February 08, 2018
People and dogs have been inseparable since time began. Friend, helper, hunter and worker, the dog is a remarkable animal that has adapted to our lifestyles and circumstances for thousands of years. Did you know that over 78 million dogs live in United States households alone? That’s a lot of belly rubs, dog food, and fetch throws each year!
It’s no surprise then to discover that the loyal canine has become an integral part of Western civilization and culture, including art. As dogs have been a man’s best friend, so have they been an artist’s best friend. To celebrate this ancient bond, let’s take a look and see how this relationship between man and beast has unfolded in the course of history.
Together Since the Dawn of Time - A History of Humans and Dogs
Dogs have stood by us from their humble beginnings as the wild wolf to the hundreds of breed variations today. Originally domesticated in the Middle East during the Bronze Age, dogs were valued hunters and companions in the ancient world. The earliest records of dogs in art include cave paintings of a man with a dog on a leash in the prehistoric Bhimbetka rock shelters. In Ancient Greece and Rome, dogs were favored as pets and often appeared in reliefs, ceramics, and even literature. In Homer’s The Odyssey, Odysseus’s beloved dog Argos was the only one who recognized him after he returned home from his epic journey. In Pompeii, there were even mosaic pictures of dogs near homes that were inscribed with the Latin words for Beware of the dog!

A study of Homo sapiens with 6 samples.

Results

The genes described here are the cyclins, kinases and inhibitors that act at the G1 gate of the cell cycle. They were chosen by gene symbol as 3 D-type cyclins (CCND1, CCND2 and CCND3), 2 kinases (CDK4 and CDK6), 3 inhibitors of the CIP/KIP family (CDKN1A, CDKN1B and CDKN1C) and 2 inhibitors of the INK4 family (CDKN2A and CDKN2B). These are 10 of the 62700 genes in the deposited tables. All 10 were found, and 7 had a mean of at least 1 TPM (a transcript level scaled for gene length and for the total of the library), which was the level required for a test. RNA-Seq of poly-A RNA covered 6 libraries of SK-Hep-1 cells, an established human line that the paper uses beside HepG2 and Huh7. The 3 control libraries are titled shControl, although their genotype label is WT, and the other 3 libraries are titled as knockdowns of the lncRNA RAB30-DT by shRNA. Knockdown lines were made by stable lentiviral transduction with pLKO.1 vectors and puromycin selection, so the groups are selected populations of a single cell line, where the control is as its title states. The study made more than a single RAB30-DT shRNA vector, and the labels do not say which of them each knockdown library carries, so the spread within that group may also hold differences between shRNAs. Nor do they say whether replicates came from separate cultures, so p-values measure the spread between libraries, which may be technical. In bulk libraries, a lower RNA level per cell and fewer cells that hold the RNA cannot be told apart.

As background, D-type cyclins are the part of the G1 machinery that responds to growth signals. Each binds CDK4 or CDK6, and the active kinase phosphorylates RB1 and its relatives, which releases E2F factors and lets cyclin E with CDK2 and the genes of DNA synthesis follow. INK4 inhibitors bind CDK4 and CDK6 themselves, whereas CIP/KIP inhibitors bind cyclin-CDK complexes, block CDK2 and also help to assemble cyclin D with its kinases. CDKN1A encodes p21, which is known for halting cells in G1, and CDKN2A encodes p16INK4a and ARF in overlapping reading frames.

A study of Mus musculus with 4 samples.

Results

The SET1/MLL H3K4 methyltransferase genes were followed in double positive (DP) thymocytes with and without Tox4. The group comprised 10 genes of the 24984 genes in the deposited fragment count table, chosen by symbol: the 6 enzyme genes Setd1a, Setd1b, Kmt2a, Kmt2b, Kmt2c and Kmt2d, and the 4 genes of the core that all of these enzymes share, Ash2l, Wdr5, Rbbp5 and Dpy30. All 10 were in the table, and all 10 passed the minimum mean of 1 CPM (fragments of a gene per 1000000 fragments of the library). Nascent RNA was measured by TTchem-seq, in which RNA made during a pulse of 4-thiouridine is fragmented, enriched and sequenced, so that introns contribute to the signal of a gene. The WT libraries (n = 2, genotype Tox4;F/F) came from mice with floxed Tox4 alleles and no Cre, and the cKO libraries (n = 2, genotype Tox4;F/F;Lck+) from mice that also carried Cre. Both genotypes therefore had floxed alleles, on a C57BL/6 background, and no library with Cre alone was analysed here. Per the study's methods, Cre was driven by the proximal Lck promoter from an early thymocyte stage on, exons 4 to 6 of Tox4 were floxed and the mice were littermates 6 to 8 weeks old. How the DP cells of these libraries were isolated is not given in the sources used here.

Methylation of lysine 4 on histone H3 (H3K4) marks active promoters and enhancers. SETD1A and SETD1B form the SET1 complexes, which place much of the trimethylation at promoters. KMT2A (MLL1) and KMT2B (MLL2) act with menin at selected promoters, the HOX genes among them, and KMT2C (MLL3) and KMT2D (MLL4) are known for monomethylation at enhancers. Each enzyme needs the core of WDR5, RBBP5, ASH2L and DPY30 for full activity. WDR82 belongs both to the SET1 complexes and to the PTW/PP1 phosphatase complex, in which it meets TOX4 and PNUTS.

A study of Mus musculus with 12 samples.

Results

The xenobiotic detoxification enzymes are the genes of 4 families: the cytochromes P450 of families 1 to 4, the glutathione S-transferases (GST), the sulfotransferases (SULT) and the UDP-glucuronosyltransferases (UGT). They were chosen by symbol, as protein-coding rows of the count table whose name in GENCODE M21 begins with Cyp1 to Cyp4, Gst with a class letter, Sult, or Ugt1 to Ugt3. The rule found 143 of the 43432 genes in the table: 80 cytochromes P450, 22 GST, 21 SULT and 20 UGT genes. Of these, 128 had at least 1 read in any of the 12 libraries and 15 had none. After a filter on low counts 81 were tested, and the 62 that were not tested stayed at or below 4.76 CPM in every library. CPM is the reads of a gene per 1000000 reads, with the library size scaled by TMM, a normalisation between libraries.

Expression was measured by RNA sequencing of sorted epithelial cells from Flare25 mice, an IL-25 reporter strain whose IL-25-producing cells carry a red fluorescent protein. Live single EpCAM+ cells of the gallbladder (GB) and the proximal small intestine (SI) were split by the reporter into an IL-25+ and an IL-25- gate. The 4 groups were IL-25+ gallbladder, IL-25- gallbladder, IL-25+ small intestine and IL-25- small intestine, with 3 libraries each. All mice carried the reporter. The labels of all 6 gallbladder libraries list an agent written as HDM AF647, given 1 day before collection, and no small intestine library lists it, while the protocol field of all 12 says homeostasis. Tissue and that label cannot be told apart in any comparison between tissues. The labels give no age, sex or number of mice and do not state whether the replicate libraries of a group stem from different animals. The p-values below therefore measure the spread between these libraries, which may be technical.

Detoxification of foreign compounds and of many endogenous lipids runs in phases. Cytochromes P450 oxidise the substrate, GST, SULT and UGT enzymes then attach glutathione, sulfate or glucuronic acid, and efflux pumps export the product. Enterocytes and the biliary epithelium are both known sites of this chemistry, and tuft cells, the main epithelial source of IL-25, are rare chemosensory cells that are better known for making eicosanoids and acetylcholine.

In the Medieval and Renaissance periods, dogs in art gradually transitioned from prized hunters to household pets. They were often symbols of status and wealth since the nobility could afford to feed them. As artists became more defined in their techniques, they often incorporated dogs in their work to symbolize many different things. We'll explore some common themes dogs often represented below.
Love, Trust, Courage and Lust - The Many Facets behind Dogs in Art
Dogs were an easy and abundant source of inspiration for artists to draw from. They were common background visual motifs and for a long time were simply added as such in paintings. During the Renaissance, however, artists began to observe the world around them and create their work from a realistic perspective. What better subject to reference than the dog? Featuring dogs in complex pieces seemed to be a natural conclusion.
Fidelity, courage, and strength were common themes dogs portrayed in symbolism. The dog in the Italian painting Giovanni Arnolfini and his Wife c. 1434, for example, symbolizes the loyalty and trust in their marriage. Dogs were popular marriage gifts between couples in the Renaissance. And sometimes, dogs even represented the passionate lust between them in art.
Dogs represented many other symbols in art throughout history, too. Sometimes they carried the Old Testament burden of consuming evil or unclean things. Sometimes they were an artistic reflection of people or the traits of their owners. Whichever allegory they stand for, one thing is definitely clear - that the bond between humans and dogs is a strong one, and it won't change anytime soon.
To see dogs in the fascinating world of art today, stop by Seaside Art Gallery.
February 22, 2018
I am asked this question rather often: How long do you work on a painting? How long did it take you to paint that? I stop and think.